Monday, 9 January 2023
Happy New Year!
Welcome to the first 2023 issue of the LGBT Great News Digest, a short briefing on the 5 news stories you need to know about right now. This issue features many positive stories around the world, shining a light on the progress being made. While we remain optimistic for this year, we must acknowledge the challenges, barriers, and discrimination our community continues to face.
We look forward to engaging with you in 2023 and here is to a year of empowerment and of progress!
The LGBT Great Team
|5 LGBT+ News Stories from Around the World|
|1. Colonial-era law criminalising gay sex scrapped|
On 12 December 2022, the Barbados High Court struck down colonial-era homosexuality laws by removing Sections 9 and 12 of the Barbados Sexual Offence Act. The punishment for engaging in same-sex intimacy ranged from 10 years in jail to life imprisonment.
Our view: Following Antigua and Barbuda and St Kitts and Nevis, Barbados has joined the Caribbean wave of legislators that have decriminalised same-sex acts, making the country a protected space for more LGBT+ folks.
This is a prime example of the ripple effect exerted by positive steps in neighbouring cultures and countries. We hope that the 6 remaining Caribbean nations, which still penalise same-sex acts, will soon embark on their own journey of LGBT+ equality and make the entire Caribbean region a haven for the LGBT+ community.
|2. US President Biden signs same-sex marriage bill into law|
On 13 December 2022, US President Joe Biden signed the Respect for Marriage Act into law which protects the federal rights of same-sex and interracial couples. However, the amendment still enables religious organisations to choose whether or not they wish to perform same-sex marriages.
Our View: With LGBT Great’s Digest #8 covering our thoughts on the passing of the Respect for Marriage Act, the signing of the bill into law was expected, yet remains an imperative step in cementing LGBT+ marriage as an inalienable right for US citizens and provides hope for 2023 to be a trailblazing year for LGBT+ equality in the United States.
|3. Gender recognition reform passed in Scotland|
On 22 December 2022, the Scottish parliament passed the Gender Recognition Reform Bill with an 86-39 vote. The bill allows trans folks to gain legal recognition for their gender identity without a medical diagnosis and lowers the age limit to apply for a Gender Recognition Certificate from 18 to 16.
Our View: A UK-wide survey in 2018 revealed that a majority of people did not support the invasive, arduous and time-consuming procedure of obtaining legal gender recognition.
Scotland has become the first country in the UK to reform the GRA, paving the path for progressive LGBT+ legislation for other UK nations to adopt and follow.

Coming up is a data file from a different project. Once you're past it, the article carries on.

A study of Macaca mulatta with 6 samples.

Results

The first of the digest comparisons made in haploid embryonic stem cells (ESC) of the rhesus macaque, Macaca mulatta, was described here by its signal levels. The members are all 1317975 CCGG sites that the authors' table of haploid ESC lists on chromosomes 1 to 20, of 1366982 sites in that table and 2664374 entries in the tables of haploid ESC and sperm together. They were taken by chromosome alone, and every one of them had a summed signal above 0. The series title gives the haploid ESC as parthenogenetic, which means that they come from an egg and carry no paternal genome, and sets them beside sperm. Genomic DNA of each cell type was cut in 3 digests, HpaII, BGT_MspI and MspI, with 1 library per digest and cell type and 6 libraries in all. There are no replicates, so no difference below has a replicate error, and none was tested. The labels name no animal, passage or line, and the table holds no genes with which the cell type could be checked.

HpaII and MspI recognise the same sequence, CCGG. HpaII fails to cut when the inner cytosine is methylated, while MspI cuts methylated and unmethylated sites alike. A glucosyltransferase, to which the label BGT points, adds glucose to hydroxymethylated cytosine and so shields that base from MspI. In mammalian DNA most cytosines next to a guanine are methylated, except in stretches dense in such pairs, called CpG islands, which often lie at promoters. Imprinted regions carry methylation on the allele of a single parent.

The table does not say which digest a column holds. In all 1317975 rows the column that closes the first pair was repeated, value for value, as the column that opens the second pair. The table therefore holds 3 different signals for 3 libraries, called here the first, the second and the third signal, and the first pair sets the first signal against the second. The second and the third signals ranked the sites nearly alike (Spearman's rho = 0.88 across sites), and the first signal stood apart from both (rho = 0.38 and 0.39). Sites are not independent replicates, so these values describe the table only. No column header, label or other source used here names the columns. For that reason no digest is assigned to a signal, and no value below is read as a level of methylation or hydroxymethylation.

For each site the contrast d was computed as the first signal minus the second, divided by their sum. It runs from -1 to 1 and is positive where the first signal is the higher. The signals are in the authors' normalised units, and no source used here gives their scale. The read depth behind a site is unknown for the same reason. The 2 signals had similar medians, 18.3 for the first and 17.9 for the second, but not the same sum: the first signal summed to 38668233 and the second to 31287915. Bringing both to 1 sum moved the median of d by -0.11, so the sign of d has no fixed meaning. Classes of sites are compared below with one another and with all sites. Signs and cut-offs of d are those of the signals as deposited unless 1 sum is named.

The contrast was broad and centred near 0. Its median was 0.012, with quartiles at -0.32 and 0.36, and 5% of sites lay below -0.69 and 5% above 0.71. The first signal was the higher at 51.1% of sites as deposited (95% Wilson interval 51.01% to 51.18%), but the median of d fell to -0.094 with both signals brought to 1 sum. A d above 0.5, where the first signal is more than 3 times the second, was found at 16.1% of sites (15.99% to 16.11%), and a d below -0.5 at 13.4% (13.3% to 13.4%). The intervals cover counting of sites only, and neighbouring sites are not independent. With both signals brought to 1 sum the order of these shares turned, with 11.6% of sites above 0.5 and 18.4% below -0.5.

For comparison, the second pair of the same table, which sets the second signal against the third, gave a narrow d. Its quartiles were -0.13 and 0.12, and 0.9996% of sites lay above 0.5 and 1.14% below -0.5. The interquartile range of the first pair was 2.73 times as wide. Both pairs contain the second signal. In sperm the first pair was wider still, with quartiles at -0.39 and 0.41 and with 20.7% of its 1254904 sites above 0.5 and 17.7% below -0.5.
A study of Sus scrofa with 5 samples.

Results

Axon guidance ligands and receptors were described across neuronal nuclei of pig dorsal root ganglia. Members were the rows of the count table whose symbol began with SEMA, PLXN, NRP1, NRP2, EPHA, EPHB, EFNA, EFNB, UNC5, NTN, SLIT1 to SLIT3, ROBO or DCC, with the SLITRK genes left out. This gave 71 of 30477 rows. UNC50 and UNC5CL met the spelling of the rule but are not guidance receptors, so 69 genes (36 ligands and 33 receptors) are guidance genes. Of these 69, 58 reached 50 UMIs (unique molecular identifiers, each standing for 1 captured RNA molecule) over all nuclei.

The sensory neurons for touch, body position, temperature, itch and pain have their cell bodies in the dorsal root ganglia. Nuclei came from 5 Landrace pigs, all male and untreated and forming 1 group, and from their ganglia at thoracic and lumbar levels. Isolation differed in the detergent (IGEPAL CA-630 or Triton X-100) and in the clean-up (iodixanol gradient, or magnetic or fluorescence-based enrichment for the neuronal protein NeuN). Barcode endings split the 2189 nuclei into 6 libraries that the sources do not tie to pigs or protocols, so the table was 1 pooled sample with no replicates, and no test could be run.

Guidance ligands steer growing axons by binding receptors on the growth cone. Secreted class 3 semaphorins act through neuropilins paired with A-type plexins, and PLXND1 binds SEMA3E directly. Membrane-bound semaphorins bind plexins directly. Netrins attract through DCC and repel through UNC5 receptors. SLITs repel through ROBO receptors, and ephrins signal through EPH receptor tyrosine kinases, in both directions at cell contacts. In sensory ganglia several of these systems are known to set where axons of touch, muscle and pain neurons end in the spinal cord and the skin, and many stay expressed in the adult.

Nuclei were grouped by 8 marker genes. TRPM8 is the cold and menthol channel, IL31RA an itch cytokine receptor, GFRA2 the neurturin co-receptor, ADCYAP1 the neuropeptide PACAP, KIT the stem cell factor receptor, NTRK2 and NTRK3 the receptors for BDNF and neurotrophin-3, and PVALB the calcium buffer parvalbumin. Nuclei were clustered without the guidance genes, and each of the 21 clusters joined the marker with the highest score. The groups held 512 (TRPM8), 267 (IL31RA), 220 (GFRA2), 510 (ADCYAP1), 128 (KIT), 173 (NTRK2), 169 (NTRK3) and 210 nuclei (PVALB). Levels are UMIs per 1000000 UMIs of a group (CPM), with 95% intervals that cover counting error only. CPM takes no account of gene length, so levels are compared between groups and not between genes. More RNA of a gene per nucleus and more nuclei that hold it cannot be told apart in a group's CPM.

|4. AAP’s Bobi Kinnar becomes Delhi’s first transgender councillor|
On 7 December 2022, Bobi Kinnar, a transgender leader from the Aam Aadmi Party, which governs the state of New Delhi, contested the Municipal Corporation of Delhi elections and emerged victorious in the Sultanpuri-A ward. She has now become the city’s first transgender councillor.
Our View: India’s transgender rights have progressed over the last decade, but much remains to be accomplished, especially in moving beyond legislation on paper to real-world impact. Many trans and gender-nonconforming people disproportionately face harassment and discrimination, which pushes them into adverse socioeconomic conditions, as reported by a survey conducted in 2017 by the Swasti Health Resource Centre. That being said, the election of Bobi Kinnar is a crucial example of trans excellence and trans representation as leaders in the public arena; it serves as a testament to the slow yet steady shift in the Indian public sentiment toward trans folks.
|5. Spain approves transgender bill|
On 22 December 2022, the Spanish Congress of Deputies passed a transgender rights bill which will ease the process for trans folks to legally update their gender marker. The bill was approved by 188 votes to 150 and will now move to the Senate with the expectation that it will be passed unchanged.
Our View: Previously, the Spanish law only let folks change their gender after they had received a medical report “proving” a diagnosis of gender dysphoria, followed by two years of continued hormone therapy.
With the introduction of this bill, trans folks can now request a change with a single statement, effectively simplifying the procedure and removing all unnecessary hindrances. Such legislative amendments are crucial in protecting trans identities and represent a substantial and deliberate statement of support for trans and gender non-conforming folks from legislators.